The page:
Govs. John Kitzhaber of Oregon and Chris Gregoire of Washington decided on a deck truss bridge design, similar to the newer Glenn Jackson Interstate 205 Bridge just to the east. It is not a final design for the entire structure.

At a news conference near the I-5 bridge, the governors said other bridge designs would require delays for additional design work and environmental analysis, increasing the time and cost needed to complete the replacement project.

PHOTOS: Truss Designs

Moving this project to completion in the most cost effective way possible is critical to providing a safer, less congested transportation system, Kitzhaber said.

The two governors said they also chose the deck truss design to take advantage of federal funding opportunities with hopes of breaking ground on the Columbia River Crossing project in 2013.

Read their full Columbia River Crossing statement

Our timing is important -- we are seeking nearly $1.3 billion in federal funding for this project, Gregoire said. Nobody has spelled out how to pay the total estimated cost of the replacement bridge, expected to be more than $3 billion. The obstacles could be big. Planners have counted on significant federal help and assumed that users would be charged tolls. But even before Republicans won control of the U.S. House, members of the Oregon congressional delegation raised doubts about the cost.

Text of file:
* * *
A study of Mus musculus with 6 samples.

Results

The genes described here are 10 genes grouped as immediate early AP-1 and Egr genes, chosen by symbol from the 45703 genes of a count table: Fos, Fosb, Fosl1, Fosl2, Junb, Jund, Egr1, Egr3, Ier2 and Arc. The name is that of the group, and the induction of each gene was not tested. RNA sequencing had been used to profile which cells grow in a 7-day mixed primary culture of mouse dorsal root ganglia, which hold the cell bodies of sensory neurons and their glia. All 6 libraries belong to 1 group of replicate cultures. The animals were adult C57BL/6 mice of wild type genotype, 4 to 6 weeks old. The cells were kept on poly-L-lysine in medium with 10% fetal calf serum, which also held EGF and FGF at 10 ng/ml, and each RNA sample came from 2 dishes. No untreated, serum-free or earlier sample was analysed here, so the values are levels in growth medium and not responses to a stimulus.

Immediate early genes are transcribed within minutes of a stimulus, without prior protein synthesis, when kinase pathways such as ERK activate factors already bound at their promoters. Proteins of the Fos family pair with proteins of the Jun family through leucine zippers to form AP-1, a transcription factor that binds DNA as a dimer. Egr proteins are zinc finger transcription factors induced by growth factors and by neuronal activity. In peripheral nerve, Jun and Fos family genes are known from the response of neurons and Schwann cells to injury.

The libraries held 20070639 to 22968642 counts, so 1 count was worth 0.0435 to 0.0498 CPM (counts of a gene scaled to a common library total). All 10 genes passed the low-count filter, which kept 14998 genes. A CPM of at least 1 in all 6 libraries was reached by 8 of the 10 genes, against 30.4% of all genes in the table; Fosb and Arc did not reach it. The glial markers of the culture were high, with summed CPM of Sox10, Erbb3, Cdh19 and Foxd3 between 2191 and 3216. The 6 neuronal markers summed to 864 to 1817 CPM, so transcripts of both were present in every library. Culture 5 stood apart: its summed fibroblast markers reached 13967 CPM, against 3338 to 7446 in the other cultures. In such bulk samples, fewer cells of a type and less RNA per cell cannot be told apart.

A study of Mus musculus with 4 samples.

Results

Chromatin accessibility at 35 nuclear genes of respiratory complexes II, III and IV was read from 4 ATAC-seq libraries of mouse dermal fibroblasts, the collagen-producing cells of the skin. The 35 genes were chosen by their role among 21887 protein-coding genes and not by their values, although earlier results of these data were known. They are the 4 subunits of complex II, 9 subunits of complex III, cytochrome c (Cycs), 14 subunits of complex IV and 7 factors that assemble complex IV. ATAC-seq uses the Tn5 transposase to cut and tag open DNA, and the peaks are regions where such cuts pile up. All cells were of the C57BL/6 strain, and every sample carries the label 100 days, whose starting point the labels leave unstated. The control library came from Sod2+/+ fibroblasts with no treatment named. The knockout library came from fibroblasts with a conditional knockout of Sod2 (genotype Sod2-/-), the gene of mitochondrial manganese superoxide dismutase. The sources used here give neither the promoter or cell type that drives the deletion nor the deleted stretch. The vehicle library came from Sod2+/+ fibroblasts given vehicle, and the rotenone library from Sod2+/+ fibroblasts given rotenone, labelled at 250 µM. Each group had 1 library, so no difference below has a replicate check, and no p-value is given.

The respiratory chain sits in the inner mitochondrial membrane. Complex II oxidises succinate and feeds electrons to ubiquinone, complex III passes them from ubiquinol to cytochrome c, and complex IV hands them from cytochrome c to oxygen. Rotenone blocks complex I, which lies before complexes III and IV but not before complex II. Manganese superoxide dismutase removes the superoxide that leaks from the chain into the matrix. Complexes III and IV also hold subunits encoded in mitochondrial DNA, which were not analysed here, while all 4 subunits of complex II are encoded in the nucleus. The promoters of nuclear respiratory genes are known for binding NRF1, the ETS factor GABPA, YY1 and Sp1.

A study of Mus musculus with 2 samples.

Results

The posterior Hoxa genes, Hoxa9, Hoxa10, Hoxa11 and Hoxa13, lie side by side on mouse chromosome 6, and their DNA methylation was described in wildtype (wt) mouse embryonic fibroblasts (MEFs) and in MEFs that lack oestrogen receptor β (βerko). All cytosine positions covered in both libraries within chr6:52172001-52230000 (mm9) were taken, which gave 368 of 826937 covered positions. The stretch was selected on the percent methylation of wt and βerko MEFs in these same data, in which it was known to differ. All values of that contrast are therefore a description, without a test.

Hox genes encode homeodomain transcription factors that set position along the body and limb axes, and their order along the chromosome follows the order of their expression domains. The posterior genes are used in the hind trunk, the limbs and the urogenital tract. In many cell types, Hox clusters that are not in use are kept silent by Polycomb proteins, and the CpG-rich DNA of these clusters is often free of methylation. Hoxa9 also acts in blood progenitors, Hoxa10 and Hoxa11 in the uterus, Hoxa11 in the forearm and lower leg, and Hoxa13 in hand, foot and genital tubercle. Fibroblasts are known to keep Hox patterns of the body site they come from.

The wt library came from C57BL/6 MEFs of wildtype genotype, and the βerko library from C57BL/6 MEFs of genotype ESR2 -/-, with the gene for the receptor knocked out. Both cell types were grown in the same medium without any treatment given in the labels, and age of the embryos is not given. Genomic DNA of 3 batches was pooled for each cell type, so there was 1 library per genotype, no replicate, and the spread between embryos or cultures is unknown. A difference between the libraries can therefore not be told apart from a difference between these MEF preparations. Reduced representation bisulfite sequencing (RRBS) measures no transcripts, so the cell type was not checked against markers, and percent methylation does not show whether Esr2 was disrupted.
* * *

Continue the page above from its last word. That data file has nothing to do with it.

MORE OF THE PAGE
And tolls are unpopular among commuters from Vancouver, Wash. The current bridge is two spans, one from 1917 and the second from 1958. Commuters and truck drivers complain of congestion, and the structures are considered vulnerable to an earthquake.

Replacing the bridge is a priority for business interests and labor unions on both sides of the Columbia, but planners had spent more than $100 million on it without reaching an agreement that accommodates a variety of interests.

Critics question the cost or say a design that focuses on cars and encourages more traffic will add to the load of greenhouse gases.

Some, like the mayors of both Portland and Vancouver, have said that the deck truss design would be ugly. In addition to the Glenn Jackson Bridge, the design would be similar to the Marquam Bridge that carries Interstate 5 over the Willamette River in downtown Portland.

Kitzhaber has made a push to get the project moving, seeking support from U.S. Transportation Secretary Ray LaHood.

In a March speech, Kitzhaber told a Portland audience the project has been around since the last time he was governor, and it's something the state ought to be able to cross off its to-do list. He said he hoped construction would begin in 2013.